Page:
Great Grains – Amaranth

by HCHC on August 6, 2013

by Lauren Swanger, holistic health enthusiast and research journalist

Grains have been getting a lot of bad press lately, and undeservedly so.  It is true that many people have grain allergies and must stay away from grains or pay the price in intestinal distress, hives, and the like.  But to those with no allergy issues who avoid grains, that bad press is doing a disservice to you, your diet, and your health.

All grains start out as whole grains.  Whole grains are the entire seed, or kernel, of a plant: the bran, the germ, and the endosperm.  The seed is protected by in inedible shell that protects it from pests, disease, etc.  The bran is the outer layer of the edible seed.  It contains fiber, B vitamins, and antioxidants.  The germ contains vitamins, minerals, and healthy fats.  This is the portion of the plant that allows new plants to sprout. The endosperm is the largest part of the seed and is the germ’s food supply. It contains carbohydrates, protein, vitamins, and minerals.  Whole grains contain all three parts of the seed.  Processing removes the germ and bran which removes 25% of the seed’s protein along with 17 key vitamins and minerals.

Grains, in their natural state, are delicious, healthy, and filling.  As a food group, grains include oats, barley, rice, millet, wheat, millet, quinoa, amaranth, rye, sorghum, and buckwheat.  Studies have shown that eating whole grains, not the refined grains found in breads and cereals, lowers the risk of many chronic diseases.  They also help regulate digestion and elimination, lower blood cholesterol, boost heart health, and keep you fuller longer.  Introducing grains to your diet is simple, tasty, and healthy.

Amaranth is a grain that is easily harvested, easy to cook, gluten free, and is high in protein.  An extremely versitile grain, it is cooked as a cereal, popped like popcorn, toasted, and ground into flour.  It is also used to thicken soups and stews.  When using amaranth in bread baking, it must be mixed with other flours because it contains no gluten.  But it can be used by itself in pasta, pancakes, and flatbreads.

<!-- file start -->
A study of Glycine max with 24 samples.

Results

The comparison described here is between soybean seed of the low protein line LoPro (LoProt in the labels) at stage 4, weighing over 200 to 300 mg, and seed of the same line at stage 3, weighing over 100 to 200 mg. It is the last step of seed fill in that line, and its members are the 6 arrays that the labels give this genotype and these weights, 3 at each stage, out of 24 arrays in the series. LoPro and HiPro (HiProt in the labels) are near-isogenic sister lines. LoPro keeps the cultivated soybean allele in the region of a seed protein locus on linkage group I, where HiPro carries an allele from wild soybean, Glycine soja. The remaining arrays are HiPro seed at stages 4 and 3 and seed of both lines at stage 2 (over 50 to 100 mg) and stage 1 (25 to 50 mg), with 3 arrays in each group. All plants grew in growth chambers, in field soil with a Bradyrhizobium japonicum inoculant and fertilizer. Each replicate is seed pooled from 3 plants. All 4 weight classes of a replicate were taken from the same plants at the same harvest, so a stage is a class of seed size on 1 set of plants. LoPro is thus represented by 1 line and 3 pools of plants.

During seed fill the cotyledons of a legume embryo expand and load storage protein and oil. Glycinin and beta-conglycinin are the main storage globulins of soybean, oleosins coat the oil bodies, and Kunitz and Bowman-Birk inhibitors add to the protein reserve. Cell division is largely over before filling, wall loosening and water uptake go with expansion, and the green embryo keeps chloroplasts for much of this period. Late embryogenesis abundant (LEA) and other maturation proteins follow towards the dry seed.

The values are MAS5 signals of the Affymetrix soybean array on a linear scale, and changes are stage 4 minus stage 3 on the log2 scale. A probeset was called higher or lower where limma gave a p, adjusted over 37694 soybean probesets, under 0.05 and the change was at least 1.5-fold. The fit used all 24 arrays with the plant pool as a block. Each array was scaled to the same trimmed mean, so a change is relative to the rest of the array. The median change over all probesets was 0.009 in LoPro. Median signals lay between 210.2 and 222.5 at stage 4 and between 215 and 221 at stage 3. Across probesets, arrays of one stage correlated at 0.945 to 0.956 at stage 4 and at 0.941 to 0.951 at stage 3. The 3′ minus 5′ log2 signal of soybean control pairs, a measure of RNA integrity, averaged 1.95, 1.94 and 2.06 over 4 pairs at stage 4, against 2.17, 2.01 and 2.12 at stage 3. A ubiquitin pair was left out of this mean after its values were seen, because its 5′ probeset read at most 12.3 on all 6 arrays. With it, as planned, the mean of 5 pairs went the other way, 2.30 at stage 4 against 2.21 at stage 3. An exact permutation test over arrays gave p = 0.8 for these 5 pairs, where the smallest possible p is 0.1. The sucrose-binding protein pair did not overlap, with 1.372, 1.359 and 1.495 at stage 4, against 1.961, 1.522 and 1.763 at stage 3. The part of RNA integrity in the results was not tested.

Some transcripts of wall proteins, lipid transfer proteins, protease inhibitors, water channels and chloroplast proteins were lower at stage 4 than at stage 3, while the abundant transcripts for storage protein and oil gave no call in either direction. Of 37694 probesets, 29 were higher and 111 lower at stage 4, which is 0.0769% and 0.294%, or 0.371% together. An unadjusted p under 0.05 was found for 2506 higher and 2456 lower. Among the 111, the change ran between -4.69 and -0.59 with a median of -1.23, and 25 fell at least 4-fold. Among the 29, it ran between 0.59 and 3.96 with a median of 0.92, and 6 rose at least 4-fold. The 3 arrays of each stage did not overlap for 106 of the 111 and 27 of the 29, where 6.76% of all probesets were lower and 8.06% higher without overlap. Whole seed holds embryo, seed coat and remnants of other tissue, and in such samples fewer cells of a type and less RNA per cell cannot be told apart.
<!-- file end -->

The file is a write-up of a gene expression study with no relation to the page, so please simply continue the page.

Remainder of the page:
It takes only 20 minutes to cook, and uses a one cup grain to two and one half cup liquid ratio.  Bring water and amaranth to a boil and cook until the grain is tender.  To make a tasty cereal for breakfast, increase the liquid to three cups using half water and half apple juice. Cook as directed then add desired sweetener, dried fruit, coconut, and perhaps some ground walnuts or pecans.  Be careful not to overcook amaranth as it can become too thick and sticky.

Amaranth contains two essential amino acids not usually found in grains, and has three times the fiber and five times the iron content of wheat.  When used in combination with corn, brown rice, or wheat it also becomes a complete protein.  Store it in a tightly sealed container in the refrigerator to protect its’ fatty acids and to prevent it from becoming rancid.  It should be used within three to six months.

Fresh corn is available now and is delicious in this Amaranth, Quinoa, and Corn Chowder recipe from the website.

Download recipe here!

Amaranth, Quinoa, and Corn Chowder

3 tablespoons unsalted butter
1 1/2 cups finely chopped leeks (white and light green parts)
1 cup finely diced celery (peel celery before dicing if desired)
1/2 cup finely diced red bell pepper
1/4 teaspoon salt, plus more to taste
1/4 cup amaranth
1/2 cup quinoa, thoroughly rinsed
1/4 teaspoon dried thyme
4 cups corn kernels (thawed if using frozen)
1 cup whole milk
2 tablespoons minced flat leaf parsley (optional)

In a large, heavy pot, melt 2 tablespoons of the butter over medium-high heat. Stir in the leeks, celery, red bell pepper, and 1/4 teaspoon salt. Cook, stirring frequently, until the vegetable are soft, about 5 minutes.

Stir in the amaranth and 3 cups of water. Bring to a boil over high heat. Stir in the quinoa and thyme. Return to a boil. Reduce the heat slightly and cook at a gentle boil, partially covered, for 10 minutes.

Meanwhile, in a blender or food processor, puree 3 cups of the corn kernels with 1 cup of water. When the quinoa has cooked for 10 minutes, stir the corn puree and the remaining corn kernels into the soup. Add salt to taste. Reduce the heat and simmer until the quinoa and amaranth are tender, 3 to 5 more minutes. When the quinoa is done, there will be no starchy white dot in the center of each grain, and some of the germs’ “tails” may unfurl and float freely. On close inspection, the amaranth will look like tiney opaque bubble floating on the surface.

Stir in the milk and remaining tablespoon of butter. Add more salt, if needed. Divide into portions and garnish each with a little parsley.

Note: The soup thickens on standing; thin as needed with additional milk, and add salt to taste.